23
Thu, Mar

Ghana National College derives uniqueness from Osagyefo

Dr Nkrumah's bust at Ghana National College

Established on Friday, July 16, 1948, in Cape Coast, the Ghana National College (Ghanacoll) stands on the hills of Cape Coast as an imposing educational facility (a by-product of the agitations leading to Ghana’s independence).

Nicknamed: “Osagyefo’s own school,” the school ironically used the name Ghana National College, nine years before the Gold Coast achieved independence in 1957, and the country was named Ghana.

Committed to training responsible young nationalistic adults to prepare them to contribute to the nation’s development, the school stands like any other senior high school in the country, but Ghanacoll students, both past and present, derive a strong sense of uniqueness from its distinctive relation with Ghana’s first President, Osagyefo Dr Kwame Nkrumah.

The history

Following the well-known tragedy at Christianborg Castle which involved the shooting of ex-servicemen, Dr Kwame Nkrumah and his associates known as the Big Six were arrested.

They were Dr Kwame Nkrumah; Mr E. Obetsebi Lamptey; Mr Ebenezer Ako Adjei, Mr William Ofori Atta (Paa Willie); Dr J.B. Danquah and Mr Edward Akuffo-Addo.

Their arrest sparked student demonstrations in some second cycle institutions in Cape Coast, who asked for their release.

The Quashie-Idun Commission

The Quashie-Idun Commission set up to investigate the protests recommended the expulsion of the students and some teachers.

To this end, 150 students from St Augustine’s College and Mfantsipim School, and four teachers, three from St Augustine’s and one from Mfantsipim, were expelled.

 The teachers were Mr Kwesi Plange, Mr J.J. Mensah-Kane, Mr H.P. Nelson and Mr H.W.K. Sackeyfio (Mfantsipim).

On July 1, 1948, Osageyfo Dr Kwame Nkrumah, then the Secretary of the United Gold Coast Convention (UGCC), invited the above-mentioned teachers to his office in Saltpond and commissioned Mr Kojo Botsio to evaluate plans for starting a new school.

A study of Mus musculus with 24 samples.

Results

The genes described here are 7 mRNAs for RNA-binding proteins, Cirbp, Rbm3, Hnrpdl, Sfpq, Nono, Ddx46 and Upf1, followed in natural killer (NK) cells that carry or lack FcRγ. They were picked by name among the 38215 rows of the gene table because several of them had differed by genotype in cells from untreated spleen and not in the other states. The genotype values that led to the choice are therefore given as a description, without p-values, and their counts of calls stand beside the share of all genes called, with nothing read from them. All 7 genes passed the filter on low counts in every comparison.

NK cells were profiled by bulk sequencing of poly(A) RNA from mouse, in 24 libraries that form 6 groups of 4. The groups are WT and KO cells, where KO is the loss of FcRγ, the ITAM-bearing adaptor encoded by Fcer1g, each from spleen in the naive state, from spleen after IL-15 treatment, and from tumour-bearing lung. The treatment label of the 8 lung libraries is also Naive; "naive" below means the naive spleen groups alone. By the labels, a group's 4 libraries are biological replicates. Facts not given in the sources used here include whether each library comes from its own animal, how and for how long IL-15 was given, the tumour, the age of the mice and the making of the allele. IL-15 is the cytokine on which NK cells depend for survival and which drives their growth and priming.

Dr Nkrumah was said to have given 10 pounds towards starting the school with which benches, desks, blackboards and writing materials were purchased to start the school.

The school officially admitted 16 students including 15 boys and a girl to commence school work on July 16, 1948.

It is worthy to note that the Ghana National College used the name Ghana before the country was officially called Ghana.

The school began at MacCarthy Hill in Cape Coast, moved to Siwdu and then to some hostels at Kakumdo.

In September 1960, the school was moved to Mennya Mennwu in Cape Coast, its present location.

The school now

The population of the school, now a predominantly boarding school, is 2,744 students made up of 1,060 boys and 1,684 girls.

The school, which offers General Arts, Science, Visual Arts, Business and Home Economics, has 120 teaching staff and 95 non-teaching staff.

The Headmistress of the school, Mrs Juliana Owusu-Ansah, in an interview, said the school still held the values of patriotism and nationalism in high regard.

“We believe every student who passes through the Ghana National College must be nationalistic and patriotic,” she said.

She added that the school’s commitment to produce disciplined and patriotic citizens contributing meaningfully to national development had been successful to a large extent.

 The Headmistress, Mrs Juliana Owusu Ansah

Old students

She said some of the products of the school could be found in the academia, politics, security agencies, religious organisations and civil society and they include Professor Jophus Anamuah Mensah, a former Vice Chancellor of the University of Education, Winneba, Prof. Francis Allottey, world-renowned scientist and former Vice Chancellor of the Kwame Nkrumah University of Science and Technology (KNUST), and the Chairman of the Electoral Commission, Mrs Charlotte Osei.

 Mrs Owusu-Ansah said all students were schooled on the history of the school and how nationalistic the founders were and encouraged to build such values.

She said the school also had lectures on the Founders Day, September 21, of every year and memorial lectures in February each year to orient students to the history of the school.

“And I also know that products of this college have a unique sense of boldness. They speak their minds,” she added.

 She said Ghanacoll would continue to ensure total quality education which would help develop individuals with an endurance culture worthy of the African tradition and contribute meaningfully to national development.

Some old students the Daily Graphic spoke to said they were proud of the history of their school and were committed to making exemplary marks wherever they found themselves.